ICC Note: Indonesia has foiled more than 500 terror plots since 2012, according to the national police chief Tito Karnavian. In spite of several terror attacks in recent years, the government claims to have enjoyed “remarkable success” in cracking down domestic terrorism in the Muslim-majority nation.
07/05/2018 Indonesia (Channel News Asia) – Despite the wave of violence that has swept Indonesia in recent years, the country’s police have enjoyed “remarkable success” in cracking down on domestic terrorism, according to national police chief Tito Karnavian.
Just last May, the city of Surabaya was hit by the deadliest terror attack in Indonesia since the Bali bombings. A series of suicide bombings carried out by families, some involving children as young as eight, ravaged three churches and a police station. The devastation claimed 28 lives.
Yet, Karnavian, in an interview with Channel NewsAsia’s Conversation With, has cautioned against making one’s judgment based on media coverage.
“Once you have got an attack, media will come over, they will flock and expose to the public but if we foiled the attacks then you are not really interesting,” he lamented.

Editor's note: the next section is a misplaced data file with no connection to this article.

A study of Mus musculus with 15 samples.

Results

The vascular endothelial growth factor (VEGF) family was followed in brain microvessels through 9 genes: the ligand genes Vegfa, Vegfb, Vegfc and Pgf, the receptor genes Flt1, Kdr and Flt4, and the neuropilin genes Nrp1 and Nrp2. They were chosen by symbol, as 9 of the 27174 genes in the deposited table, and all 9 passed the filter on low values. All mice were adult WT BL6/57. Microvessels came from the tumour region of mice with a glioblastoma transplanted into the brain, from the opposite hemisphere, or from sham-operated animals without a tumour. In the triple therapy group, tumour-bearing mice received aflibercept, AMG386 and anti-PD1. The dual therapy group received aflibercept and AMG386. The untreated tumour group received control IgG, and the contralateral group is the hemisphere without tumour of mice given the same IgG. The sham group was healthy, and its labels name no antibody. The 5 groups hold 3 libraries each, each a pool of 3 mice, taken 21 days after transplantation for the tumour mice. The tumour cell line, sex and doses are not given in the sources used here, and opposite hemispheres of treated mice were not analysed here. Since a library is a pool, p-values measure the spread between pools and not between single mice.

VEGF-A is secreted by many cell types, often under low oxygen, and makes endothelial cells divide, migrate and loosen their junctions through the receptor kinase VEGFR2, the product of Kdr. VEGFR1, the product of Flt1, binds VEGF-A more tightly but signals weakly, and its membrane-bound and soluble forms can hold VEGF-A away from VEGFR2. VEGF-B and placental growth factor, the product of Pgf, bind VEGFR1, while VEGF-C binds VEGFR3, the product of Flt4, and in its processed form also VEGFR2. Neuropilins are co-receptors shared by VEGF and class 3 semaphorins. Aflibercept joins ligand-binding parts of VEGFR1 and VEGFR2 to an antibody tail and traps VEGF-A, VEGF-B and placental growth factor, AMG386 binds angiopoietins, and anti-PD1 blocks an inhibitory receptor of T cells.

Karnavian said the police in the world’s largest Muslim-majority country have in fact foiled many terror plots, “more than 500 since 2012 to 2018”, he reckoned.
Last month, radical cleric Aman Abdurrahman was sentenced to death for masterminding various terror attacks across Indonesia in 2016.
Aman is considered one of the key ideological leaders of Jemaah Ansharut Daulah (JAD), a militant group of Islamic State supporters in Indonesia. JAD was also responsible for the recent Surabaya bombings.
Karnavian believes that justice will be meted out to the perpetrators of the Surabaya attacks soon.
“We have got already almost 80 per cent of the full picture of the mosaic of Jemaah Ansharut Daulah,” Karnavian said.
The passing of tougher anti-terror legislation in May will make the law enforcers’ jobs easier. The new laws allow the police to detain suspects for much longer without trial – up to 21 days, instead of a week.